Why Final Fantasy XV: Kingsglaive has given me confidence in the upcoming game

7 mins read

Opinion by Matt S.

So, I finally got around to watching Final Fantasy XV: Kingsglaive. While it’s not one of the greatest films ever made (though certainly better than previous attempts to make Final Fantasy films), going in to it with the expectation that it was a two-hour cut scene, setting up events for the game that will be released later this year, actually left a really good impression on me. Why? Because, finally, Final Fantasy XV feels like Final Fantasy.

From the previous demos of Final Fantasy XV, we got a sense for how the game would play, and as I’ve written in the past, I came away from that quite impressed with how things were shaping up. What we’ve never really had a sense of is the actual narrative, which, for me, is utterly critical to the experience of a Final Fantasy game.

The snippets that we’d been given from media events and the like were teasers, but something I’d noticed with increasing concern was how little it seemed to resemble the Final Fantasy plots that I’d grown to love. The epic scope typical of a Final Fantasy game, and the typical themes around the tensions between the natural and unnatural, or the sense of spirituality that is common to so many Final Fantasy games, seemed to have been replaced by a personal story of four youths, more like Stand by Me than Final Fantasy. And sure there were chocobos, but otherwise the massive open world that we were being told would occupy a lot of our time looked quite nondescript; fantastic monsters aside, it looked like we might as well be playing a game in the real world than the “fantasy” that the Final Fantasy games are meant to have; it’s right in their very titles.


At the core of Kingsglaive, there is the battle between the good guys and noble king who wield the power of the crystal (which gives them magic), and the bad guys, packing armour that looks like it has been pulled directly from Final Fantasy XII, and their might is backed by the Magitech technology.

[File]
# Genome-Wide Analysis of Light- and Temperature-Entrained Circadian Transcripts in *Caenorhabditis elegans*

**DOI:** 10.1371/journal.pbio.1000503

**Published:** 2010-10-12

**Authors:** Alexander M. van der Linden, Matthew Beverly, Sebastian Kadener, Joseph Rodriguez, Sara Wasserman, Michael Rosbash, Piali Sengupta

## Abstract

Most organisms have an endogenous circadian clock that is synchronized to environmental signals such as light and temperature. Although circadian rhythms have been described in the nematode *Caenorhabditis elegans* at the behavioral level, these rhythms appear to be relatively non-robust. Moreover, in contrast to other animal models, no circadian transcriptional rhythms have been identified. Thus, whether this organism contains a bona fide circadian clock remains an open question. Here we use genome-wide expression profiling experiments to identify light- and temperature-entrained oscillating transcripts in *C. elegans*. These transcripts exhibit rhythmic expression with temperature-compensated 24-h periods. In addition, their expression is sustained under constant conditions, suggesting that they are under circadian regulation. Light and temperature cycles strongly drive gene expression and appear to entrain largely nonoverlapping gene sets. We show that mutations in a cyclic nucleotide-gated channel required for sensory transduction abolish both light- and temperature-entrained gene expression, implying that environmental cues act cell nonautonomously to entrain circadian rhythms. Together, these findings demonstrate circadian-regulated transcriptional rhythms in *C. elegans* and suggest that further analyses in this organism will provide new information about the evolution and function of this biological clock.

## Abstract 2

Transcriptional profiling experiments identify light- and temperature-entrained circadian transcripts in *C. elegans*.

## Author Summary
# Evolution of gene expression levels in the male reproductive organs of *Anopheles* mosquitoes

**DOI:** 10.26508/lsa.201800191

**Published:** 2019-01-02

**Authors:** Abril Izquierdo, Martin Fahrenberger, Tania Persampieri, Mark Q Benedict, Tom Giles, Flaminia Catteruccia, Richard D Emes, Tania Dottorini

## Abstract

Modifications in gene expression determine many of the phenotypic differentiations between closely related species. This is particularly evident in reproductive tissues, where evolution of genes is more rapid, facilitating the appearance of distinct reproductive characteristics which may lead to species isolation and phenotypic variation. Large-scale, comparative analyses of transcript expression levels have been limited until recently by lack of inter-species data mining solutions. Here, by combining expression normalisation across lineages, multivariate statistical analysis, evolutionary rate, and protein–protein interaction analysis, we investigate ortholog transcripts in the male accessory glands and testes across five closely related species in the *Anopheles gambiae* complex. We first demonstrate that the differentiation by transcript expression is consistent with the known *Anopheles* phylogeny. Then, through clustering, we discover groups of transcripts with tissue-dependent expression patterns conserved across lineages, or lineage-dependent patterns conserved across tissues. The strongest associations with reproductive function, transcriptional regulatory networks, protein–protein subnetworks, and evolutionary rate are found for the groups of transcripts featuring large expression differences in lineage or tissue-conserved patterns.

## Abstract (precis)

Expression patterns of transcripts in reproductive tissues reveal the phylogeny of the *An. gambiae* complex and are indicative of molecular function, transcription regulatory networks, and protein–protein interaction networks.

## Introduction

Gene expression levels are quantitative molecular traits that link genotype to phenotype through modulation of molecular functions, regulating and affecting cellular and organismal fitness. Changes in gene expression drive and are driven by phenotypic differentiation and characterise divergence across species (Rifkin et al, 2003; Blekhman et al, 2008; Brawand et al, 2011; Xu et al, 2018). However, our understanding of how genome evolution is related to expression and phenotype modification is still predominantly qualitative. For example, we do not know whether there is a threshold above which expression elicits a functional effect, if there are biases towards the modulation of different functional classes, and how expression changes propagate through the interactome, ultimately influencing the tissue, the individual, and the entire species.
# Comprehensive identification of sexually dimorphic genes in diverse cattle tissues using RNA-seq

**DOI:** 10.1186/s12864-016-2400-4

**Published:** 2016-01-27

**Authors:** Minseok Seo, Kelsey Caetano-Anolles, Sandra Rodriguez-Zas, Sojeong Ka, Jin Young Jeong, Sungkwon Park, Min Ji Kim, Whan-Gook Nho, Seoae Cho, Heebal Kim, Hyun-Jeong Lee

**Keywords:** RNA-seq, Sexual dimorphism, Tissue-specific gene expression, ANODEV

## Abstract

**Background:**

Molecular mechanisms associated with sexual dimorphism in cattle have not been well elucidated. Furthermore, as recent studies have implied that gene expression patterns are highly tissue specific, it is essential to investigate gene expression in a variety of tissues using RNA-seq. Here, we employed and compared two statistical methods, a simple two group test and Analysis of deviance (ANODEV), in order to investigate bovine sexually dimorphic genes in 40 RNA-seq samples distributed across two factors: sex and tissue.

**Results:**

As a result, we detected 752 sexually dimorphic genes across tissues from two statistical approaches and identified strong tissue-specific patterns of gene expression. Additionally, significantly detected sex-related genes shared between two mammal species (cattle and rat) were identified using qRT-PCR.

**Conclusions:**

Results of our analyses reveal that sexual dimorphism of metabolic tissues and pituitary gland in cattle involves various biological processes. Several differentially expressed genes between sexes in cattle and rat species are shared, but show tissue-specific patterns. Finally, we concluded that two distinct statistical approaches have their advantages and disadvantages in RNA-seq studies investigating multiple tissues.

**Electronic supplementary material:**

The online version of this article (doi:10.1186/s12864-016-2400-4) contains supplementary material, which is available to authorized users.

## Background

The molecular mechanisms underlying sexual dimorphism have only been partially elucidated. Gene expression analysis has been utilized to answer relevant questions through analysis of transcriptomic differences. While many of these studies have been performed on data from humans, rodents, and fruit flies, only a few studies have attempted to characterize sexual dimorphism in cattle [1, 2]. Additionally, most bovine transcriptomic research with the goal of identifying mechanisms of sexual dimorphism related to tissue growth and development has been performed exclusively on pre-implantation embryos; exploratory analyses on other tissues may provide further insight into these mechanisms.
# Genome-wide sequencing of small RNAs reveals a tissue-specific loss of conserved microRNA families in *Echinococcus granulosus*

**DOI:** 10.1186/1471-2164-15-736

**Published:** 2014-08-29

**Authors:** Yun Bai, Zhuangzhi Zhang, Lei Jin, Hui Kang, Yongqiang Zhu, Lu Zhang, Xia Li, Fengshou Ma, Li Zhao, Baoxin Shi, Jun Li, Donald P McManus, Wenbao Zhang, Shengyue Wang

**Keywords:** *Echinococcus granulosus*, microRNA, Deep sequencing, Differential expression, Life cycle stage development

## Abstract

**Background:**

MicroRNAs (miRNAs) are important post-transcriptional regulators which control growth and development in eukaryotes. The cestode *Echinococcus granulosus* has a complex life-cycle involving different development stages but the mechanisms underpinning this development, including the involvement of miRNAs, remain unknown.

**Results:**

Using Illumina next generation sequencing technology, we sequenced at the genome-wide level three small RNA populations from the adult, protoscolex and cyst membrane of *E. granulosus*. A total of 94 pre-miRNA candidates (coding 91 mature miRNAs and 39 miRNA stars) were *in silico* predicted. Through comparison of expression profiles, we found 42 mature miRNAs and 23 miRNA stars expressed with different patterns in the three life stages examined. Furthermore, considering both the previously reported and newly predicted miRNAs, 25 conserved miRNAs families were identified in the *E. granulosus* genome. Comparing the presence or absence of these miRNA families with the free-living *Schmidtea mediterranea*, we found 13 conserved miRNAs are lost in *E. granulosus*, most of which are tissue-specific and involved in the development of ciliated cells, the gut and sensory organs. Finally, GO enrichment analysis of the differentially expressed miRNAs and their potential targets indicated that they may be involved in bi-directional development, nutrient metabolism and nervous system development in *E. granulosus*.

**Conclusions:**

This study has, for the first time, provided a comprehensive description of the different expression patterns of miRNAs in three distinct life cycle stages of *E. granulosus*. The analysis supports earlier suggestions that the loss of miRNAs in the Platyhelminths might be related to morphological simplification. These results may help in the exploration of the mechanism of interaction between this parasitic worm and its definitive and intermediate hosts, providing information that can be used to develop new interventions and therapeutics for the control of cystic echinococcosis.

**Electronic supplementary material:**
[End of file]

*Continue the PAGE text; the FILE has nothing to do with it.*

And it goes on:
If that basic plot line sounds eerily similar to the kind of hijinks that everyone got up to in Final Fantasy VI, then the many references back to that game that the film makes will seal the deal in your mind. One of the monsters that shows up is a dead ringer for Ultros, one of the iconic FFVI enemies. One of the bad guys is just “quirky” enough that you can imagine him having a Kefkaian break at some point and doing something really messed up.

And, based on the battle scenes, if the film is a proof-of-concept for how the game developers were visualising battles working once players had built their heroes up into something competent, then FFXV will take after Final Fantasy Type-0, which is a good thing, because for all the action, that game turned out to be a very traditional Final Fantasy itself (and would make sense, as both games share the same director).

There’s some nice tricks in the film that reference back to Final Fantasy heritage in other ways, too. There’s no Moogles or Chocobos, but the classical musical intro is woven into one particular scene, which also happens to offer the kind of visual spectacle that we’ve come to expect from Final Fantasy. Architectural design is also improbable and majestic, as fans of the Final Fantasy series will find immediately familiar. Themes around sacrifice and duty are present and correct.

Even the acting and writing have that vintage Final Fantasy quality to them; an X-factor for some, and for others, more interested in the hyper-realism that modern western open world games go for, might find it intolerable. As I said, if the Final Fantasy XV game follows what this movie has set up, then it represents Square Enix building a lot of smoke-and-mirrors trickery to make the game look like something it’s not. At its core, FFXV looks like it will have a very classical JRPG heart beat to it.

That’s a risk for Square Enix to be undertaking. There’s a real risk that this game is going to prove to be too “Japanese” for the mainstream’s tastes, and as we all know that’s going to result in an automatic deduction to game review scores and a whole bunch of people complaining on Twitter. But I came out of that film relieved. Now I’m allowing myself to get excited for Final Fantasy XV’s most critical feature, its narrative, because now I’m confident that the game is going to remain true to the series.

– Matt S.
Find me on Twitter: @digitallydownld

This is the bio under which all legacy DigitallyDownloaded.net articles are published (as in the 12,000-odd, before we moved to the new Website and platform). This is not a member of the DDNet Team. Please see the article's text for byline attribution.